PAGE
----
FDA Okays Naloxegol (Movantik) in Opioid-Induced Constipation

Pauline Anderson

Disclosures

September 16, 2014

The US Food and Drug Administration (FDA) has approved naloxegol (Movantik, AstraZeneca Pharmaceuticals), a peripherally acting opioid receptor antagonist, for the treatment of opioid-induced constipation (OIC) in adults with chronic noncancer pain.

OIC is a common adverse effect of opioid use. An estimated 40% to 80% of patients receiving long-term opioid therapy experience OIC, which can be severe enough to cause discontinuation of opioid therapy.

The problem is caused by binding of opioids to peripheral opioid receptors in the gastrointestinal (GI) tract, resulting in absorption of electrolytes, such as chloride, with a subsequent reduction in small intestinal fluid. Activation of enteric opioid receptors also results in abnormal GI motility.

"Supportive care products such as Movantik can lessen the constipating side effects of opioids," said Julie Beitz, MD, director, Office of Drug Evaluation, FDA's Center for Drug Evaluation and Research, in an FDA statement.

The safety and effectiveness of naloxegol were established in 2 multicenter clinical trials of 1352 adult participants who had taken opioids for at least 4 weeks for non–cancer-related pain and had opioid-induced constipation. At least 50% of the patients had an inadequate response to laxatives.

Participants were randomly assigned to receive 12.5 mg or 25 mg of naloxegol or placebo daily for 12 weeks.

In the first trial, 44% of participants receiving 25 mg of naloxegol and 41% of those receiving 12.5 mg of naloxegol experienced an increase in number of bowel movements per week, compared with 29% of participants receiving placebo. The second trial showed similar results.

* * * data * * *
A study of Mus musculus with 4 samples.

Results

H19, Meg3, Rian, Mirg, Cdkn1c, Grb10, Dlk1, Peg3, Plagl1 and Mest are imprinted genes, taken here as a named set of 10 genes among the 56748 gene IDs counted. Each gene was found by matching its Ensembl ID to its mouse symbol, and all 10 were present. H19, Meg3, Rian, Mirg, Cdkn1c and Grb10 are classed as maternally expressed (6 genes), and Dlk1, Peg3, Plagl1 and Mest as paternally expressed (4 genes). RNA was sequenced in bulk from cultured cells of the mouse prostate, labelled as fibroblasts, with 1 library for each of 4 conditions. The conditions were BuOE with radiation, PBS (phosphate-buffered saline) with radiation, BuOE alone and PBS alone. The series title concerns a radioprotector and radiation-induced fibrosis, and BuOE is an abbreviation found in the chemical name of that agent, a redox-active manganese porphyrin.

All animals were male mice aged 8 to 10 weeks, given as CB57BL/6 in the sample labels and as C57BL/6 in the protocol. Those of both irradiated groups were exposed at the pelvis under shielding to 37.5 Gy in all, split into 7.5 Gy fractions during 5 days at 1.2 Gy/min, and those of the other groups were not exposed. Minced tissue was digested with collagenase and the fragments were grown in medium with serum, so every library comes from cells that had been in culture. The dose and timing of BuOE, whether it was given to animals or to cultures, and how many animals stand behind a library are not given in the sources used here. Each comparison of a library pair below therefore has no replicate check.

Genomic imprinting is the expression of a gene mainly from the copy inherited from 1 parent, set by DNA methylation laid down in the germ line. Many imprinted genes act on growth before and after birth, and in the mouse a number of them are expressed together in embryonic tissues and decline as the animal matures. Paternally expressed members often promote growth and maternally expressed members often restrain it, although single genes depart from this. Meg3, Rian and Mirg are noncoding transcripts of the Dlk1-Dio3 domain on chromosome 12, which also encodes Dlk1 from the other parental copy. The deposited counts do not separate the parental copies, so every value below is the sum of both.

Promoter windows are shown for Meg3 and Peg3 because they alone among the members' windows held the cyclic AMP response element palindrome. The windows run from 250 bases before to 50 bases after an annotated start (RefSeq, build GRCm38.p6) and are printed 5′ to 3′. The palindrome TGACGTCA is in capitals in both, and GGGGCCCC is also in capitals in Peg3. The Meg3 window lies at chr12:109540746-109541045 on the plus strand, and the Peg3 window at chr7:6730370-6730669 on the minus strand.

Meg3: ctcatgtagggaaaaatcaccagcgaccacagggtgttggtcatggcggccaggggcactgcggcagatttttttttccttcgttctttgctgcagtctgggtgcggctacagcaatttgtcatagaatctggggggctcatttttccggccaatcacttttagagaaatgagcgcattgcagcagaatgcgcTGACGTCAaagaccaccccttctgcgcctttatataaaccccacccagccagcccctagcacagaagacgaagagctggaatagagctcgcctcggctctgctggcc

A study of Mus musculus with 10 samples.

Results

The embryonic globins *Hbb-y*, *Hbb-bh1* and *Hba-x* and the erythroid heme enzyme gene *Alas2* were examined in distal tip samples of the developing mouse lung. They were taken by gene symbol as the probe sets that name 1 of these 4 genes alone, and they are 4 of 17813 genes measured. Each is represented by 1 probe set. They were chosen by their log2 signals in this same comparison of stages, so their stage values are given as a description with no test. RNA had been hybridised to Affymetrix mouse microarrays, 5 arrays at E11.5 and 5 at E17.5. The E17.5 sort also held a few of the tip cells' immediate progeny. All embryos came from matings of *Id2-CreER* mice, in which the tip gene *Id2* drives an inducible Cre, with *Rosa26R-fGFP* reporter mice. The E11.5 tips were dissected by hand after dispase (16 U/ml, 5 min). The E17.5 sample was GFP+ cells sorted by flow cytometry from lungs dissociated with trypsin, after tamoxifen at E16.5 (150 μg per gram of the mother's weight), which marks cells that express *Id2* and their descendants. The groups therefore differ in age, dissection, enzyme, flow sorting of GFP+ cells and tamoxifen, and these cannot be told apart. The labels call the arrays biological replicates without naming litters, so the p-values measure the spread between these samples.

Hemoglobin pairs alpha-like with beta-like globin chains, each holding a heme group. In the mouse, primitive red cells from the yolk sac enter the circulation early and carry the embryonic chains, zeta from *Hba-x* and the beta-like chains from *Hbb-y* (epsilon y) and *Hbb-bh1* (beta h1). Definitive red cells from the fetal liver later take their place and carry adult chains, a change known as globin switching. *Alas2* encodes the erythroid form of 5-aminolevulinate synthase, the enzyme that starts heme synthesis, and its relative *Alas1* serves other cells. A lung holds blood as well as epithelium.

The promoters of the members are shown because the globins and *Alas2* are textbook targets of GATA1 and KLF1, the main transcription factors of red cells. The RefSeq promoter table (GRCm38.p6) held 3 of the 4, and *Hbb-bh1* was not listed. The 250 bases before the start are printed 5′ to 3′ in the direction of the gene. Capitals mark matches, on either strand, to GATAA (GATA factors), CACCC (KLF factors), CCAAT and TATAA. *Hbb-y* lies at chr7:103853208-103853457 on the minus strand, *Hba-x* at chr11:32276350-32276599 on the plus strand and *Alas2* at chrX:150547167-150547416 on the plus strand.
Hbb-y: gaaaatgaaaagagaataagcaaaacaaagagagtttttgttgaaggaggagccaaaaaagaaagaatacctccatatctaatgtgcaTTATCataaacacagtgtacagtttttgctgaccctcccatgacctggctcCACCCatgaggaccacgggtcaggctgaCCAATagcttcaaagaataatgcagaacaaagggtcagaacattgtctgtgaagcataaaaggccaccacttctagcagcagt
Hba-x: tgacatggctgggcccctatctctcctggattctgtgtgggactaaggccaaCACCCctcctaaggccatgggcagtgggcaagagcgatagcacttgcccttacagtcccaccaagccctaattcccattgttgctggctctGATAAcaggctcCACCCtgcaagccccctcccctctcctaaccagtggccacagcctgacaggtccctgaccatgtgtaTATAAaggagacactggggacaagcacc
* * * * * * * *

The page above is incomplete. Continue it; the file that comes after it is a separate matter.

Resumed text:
The most common adverse effects with treatment included abdominal pain, diarrhea, headache, and excessive gas in the stomach or intestinal area.

The FDA is requiring a postmarketing study to further evaluate the potential risk for cardiovascular adverse events in patients taking naloxegol. In June, the FDA held a public meeting to discuss what studies might be required to assess the cardiac safety of peripherally acting opioid receptor antagonists, including this one, intended to treat OIC.

Last year, the FDA approved lubiprostone (Amitiza, Sucampo Pharmaceuticals Inc/Takeda Pharmaceuticals USA Inc), the first oral treatment for OIC in adults with chronic noncancer pain. The drug is a specific activator of CIC-2 chloride channels in the intestinal epithelium and bypasses the antisecretory action of opiates by activation of apical CIC-2 channels.

Approval was based on results from 12-week phase 3 studies in patients taking opioids, including morphine, oxycodone, and fentanyl, for chronic noncancer pain and from a long-term open-label safety study.

In a statement, AstraZeneca notes that Movantik is expected to be available to patients in the first half of 2015.

"During the review of the New Drug Application, the FDA evaluated the abuse potential of Movantik and the approved labelling indicates that Movantik has no risk of abuse or dependency," the company notes in a statement. "AstraZeneca submitted a petition for the descheduling of Movantik to the US Drug Enforcement Administration (DEA) in March 2012, which was accepted for review and will be considered by the DEA as part of the process for addressing the descheduling request."